By Kelly Cunningham
I’m in recovery for alcoholism and drug addiction. I’ve spent well over the past three decades striving not only to remain free from mind-altering substances, but most of all to stay sober in my thinking. The compulsion to turn to alcohol and drugs to solve my problems has long since been removed. Although, even after all these years, I’d still love to be able to get away with drinking a few ice-cold margaritas and smoking a big fat joint.
Even so, for God’s grace and the fellowship in recovery, I’ve achieved 30+ years of continuous sobriety. In all honesty though, I feel like I’m just beginning to scratch the surface of learning to control my emotional impulses. Much of the time I’m well-behaved in every-day social situations. There are times, though, when I have to literally battle the urges to pop off at the mouth or to lash out in some angry or aggressive manner when feeling threatened or slighted... which seems often. Our literature says, “We alcoholics are sensitive people. It takes some of us a long time to outgrow that serious handicap.” I put in the italics. The founders tell us being sensitive is a serious handicap.
I can try to argue that my disease assumes my first thought is alcoholic when I’m faced with a difficult situation. Further reasoning insists my first action doesn’t have to be. I agree with that view. It is my responsibility to come to terms with and, ultimately, own my thoughts, feelings, and emotions. I’m responsible for how I greet life’s challenges. As an adult, I’m not a victim of outside circumstances unless I choose to see myself that way. Many in recovery have suffered losses at the hands of others. Welcome to the human race. Sometimes bad things happen. When I was growing up, bad things happened. Very bad things. Things which still torment me to this day. I’m not responsible for all of the shit that happened to me when I was a child. But I am responsible for my choices today. I’m in control of my actions. When I encounter life’s difficulties, I need to own my shit and deal with whatever circumstances I’m faced with in a responsible and dignified manner. It’s called emotional sobriety.
Our literature tells us to expect “a long period of reconstruction ahead” and that “this is not an overnight matter, it should continue for our lifetime.” It’s not easy letting go of old ideas and it takes time to learn how to rid ourselves of behaviors which no longer serve us. As an alcoholic, I want things to be fixed now, today. But changing the narrative in our hearts and minds comes with trial and error. I remember early in my recovery hearing an old-timer in an AA meeting say, “It’s a bitch growing up in public.” I have spent many years of my recovery trying to justify my impulsive, careless, and ill-mannered behaviors. Intensive work with a sponsor and meditation and prayer have proven to be the solution to achieving emotional balance.
I remember my very first sponsor, Charlie W., may he rest in peace. Charlie was an imposing figure of a man -- tall, big, burly, with piercings and tattoos all over. Charlie’s past included taking a lot of LSD. He spent most meetings rocking back and forth in his seat. Charlie was a spiritual giant, and you could feel his love anytime you were with him. He had this amazing laugh where anyone in a room with Charlie in it would find themselves laughing along or, at the very least, smiling big.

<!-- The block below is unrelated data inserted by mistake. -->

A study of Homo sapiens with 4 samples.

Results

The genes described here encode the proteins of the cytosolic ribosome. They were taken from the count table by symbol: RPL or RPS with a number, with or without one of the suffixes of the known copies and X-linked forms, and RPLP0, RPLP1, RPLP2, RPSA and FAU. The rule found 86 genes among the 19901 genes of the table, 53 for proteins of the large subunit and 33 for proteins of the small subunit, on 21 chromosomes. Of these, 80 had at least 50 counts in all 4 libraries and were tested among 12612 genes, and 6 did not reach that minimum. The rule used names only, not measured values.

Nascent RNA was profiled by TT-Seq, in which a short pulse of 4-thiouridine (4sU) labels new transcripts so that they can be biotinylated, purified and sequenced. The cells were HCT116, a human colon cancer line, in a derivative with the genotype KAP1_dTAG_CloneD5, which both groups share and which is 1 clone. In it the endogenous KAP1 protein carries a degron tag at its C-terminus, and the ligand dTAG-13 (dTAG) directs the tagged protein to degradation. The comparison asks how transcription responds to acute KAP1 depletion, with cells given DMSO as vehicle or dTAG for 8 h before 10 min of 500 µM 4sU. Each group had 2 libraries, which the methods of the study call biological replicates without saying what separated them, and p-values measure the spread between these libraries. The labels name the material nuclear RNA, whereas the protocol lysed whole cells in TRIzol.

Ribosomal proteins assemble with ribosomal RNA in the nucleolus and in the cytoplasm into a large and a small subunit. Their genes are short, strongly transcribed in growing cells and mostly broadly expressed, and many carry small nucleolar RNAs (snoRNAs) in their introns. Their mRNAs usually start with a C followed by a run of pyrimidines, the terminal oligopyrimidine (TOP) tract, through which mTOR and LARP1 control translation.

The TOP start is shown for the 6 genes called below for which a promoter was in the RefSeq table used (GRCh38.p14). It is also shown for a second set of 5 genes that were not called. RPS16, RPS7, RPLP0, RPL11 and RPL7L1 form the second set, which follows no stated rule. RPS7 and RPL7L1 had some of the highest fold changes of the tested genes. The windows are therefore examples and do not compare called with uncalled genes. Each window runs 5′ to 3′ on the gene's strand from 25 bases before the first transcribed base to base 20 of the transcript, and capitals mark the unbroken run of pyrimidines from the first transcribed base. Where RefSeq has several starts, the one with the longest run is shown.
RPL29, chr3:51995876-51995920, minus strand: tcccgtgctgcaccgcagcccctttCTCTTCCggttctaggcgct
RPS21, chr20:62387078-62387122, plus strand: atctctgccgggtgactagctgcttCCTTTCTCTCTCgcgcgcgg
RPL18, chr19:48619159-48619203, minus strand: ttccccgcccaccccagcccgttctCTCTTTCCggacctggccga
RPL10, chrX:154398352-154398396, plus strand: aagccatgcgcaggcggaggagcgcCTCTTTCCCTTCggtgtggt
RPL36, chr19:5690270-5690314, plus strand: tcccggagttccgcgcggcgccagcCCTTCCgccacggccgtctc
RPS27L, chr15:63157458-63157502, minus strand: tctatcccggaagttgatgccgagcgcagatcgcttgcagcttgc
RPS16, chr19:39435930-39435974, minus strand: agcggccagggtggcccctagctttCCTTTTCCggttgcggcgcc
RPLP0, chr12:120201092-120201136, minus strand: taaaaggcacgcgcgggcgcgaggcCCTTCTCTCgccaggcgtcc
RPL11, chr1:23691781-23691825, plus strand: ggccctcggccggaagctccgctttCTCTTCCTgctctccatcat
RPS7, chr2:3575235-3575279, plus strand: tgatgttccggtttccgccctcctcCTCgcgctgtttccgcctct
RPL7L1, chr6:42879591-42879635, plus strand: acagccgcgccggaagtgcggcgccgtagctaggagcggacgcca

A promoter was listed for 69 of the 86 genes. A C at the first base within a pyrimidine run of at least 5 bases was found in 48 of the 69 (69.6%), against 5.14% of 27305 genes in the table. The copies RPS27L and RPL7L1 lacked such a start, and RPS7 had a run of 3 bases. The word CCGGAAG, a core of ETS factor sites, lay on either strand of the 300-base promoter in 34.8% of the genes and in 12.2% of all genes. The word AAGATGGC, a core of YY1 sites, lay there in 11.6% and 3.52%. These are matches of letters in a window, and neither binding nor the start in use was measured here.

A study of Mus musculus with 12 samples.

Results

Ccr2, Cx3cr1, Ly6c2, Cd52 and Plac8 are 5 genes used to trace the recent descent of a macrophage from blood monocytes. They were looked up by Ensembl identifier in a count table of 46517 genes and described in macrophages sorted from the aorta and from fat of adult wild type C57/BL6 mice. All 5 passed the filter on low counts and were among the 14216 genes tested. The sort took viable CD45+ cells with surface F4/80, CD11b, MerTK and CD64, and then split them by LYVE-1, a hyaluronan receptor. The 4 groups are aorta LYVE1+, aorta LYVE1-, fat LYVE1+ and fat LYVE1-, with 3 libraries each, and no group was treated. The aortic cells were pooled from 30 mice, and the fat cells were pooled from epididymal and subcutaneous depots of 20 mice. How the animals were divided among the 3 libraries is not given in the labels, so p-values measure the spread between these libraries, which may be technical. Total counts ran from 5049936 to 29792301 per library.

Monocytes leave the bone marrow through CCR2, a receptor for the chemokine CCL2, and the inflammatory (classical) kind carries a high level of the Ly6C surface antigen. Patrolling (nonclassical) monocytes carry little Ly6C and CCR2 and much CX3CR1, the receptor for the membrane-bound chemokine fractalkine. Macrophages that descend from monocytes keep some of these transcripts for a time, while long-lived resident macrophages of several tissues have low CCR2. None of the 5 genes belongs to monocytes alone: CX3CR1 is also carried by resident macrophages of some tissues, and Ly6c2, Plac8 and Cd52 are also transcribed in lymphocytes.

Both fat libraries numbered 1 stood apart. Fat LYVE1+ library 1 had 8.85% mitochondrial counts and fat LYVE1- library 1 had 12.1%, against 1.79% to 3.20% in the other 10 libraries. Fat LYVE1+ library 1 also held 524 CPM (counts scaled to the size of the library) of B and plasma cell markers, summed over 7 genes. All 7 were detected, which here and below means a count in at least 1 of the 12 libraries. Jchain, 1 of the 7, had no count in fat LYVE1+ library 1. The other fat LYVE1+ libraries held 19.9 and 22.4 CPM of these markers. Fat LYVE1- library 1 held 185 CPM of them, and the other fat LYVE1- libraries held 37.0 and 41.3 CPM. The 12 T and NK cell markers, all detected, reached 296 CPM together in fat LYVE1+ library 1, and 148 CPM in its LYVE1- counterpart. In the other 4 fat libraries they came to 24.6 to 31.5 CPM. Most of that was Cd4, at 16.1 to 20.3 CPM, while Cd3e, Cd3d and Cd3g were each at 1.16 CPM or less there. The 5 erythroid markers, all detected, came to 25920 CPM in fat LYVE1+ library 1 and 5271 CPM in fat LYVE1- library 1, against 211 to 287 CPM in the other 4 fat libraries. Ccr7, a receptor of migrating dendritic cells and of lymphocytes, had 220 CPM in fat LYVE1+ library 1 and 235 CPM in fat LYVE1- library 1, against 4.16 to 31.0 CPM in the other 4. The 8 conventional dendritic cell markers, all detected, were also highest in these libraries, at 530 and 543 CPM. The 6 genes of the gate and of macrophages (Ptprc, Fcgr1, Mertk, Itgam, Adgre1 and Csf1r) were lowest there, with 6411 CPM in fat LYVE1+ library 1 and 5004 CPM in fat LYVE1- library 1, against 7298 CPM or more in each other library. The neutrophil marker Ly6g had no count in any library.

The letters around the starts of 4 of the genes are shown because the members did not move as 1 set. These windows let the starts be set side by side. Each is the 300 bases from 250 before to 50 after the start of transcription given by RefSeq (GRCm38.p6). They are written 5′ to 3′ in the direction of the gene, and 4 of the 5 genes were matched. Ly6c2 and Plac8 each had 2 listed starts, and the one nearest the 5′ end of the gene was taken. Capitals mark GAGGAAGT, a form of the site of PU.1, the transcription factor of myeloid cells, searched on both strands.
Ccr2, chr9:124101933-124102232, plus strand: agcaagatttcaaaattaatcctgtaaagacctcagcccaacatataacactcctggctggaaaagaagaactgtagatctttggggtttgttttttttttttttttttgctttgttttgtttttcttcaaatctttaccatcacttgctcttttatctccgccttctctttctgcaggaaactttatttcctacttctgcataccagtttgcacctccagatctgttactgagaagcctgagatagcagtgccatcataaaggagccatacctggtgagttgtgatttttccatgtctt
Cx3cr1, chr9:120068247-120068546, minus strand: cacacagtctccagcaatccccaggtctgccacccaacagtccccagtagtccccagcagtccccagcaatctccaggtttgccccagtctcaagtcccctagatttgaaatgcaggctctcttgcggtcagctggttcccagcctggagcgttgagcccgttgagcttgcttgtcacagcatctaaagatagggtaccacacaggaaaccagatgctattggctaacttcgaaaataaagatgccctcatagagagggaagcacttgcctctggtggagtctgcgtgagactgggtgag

During my early sobriety, I would call Charlie on the phone to tell him my problems. The first thing he would do is laugh. When he finished laughing, Charlie would suddenly get serious and ask, “Kelly, what would God have you do?” At the time, being new, I didn’t appreciate how profound his guidance was. Sadly, Charlie passed away before I picked up my one-year chip. I was able to continue my recovery work with other sponsors throughout the following years but now, decades later, I have learned to appreciate the wisdom of Charlie asking me that fundamental question.
About two years ago I felt like I had reached rock bottom with my lack of emotional sobriety. Even my wife would respond jokingly to my general rants saying, “Oh, my baby is so angry.” I was angry. And I was fearful. And I was critical and judgmental. After all that time in recovery, I had not fully developed the skills to match calamity with serenity. Oh, I was fine as long as things were going my way. But as soon as things got tight or I found myself in uncomfortable situations, the gloves came off and I was ready to fight. Someone in a meeting put it succinctly: “People are like teabags – you never know what they’re like until they get in hot water.”
I don’t know why I had held onto my anger for so long. I know shit stinks but it’s warm. Anger was the one thing I had left to protect me. But finally, after almost 30 years, I had reached a point when I was able to admit to myself that my anger no longer served me. I had to really own my shit. Turns out it wasn’t that warm after all. I broke down and tearfully asked God for help. And for the following six months I decided to ask God several times a day to “help me to resist the urge to criticize and to judge and to resist the impulse to lash out when I felt threatened or slighted.” The unexpected happened. I started resisting the urge to criticize and to judge. I started to resist the impulse to lash out when I felt threatened or slighted. And I found peace. And it has been beautiful.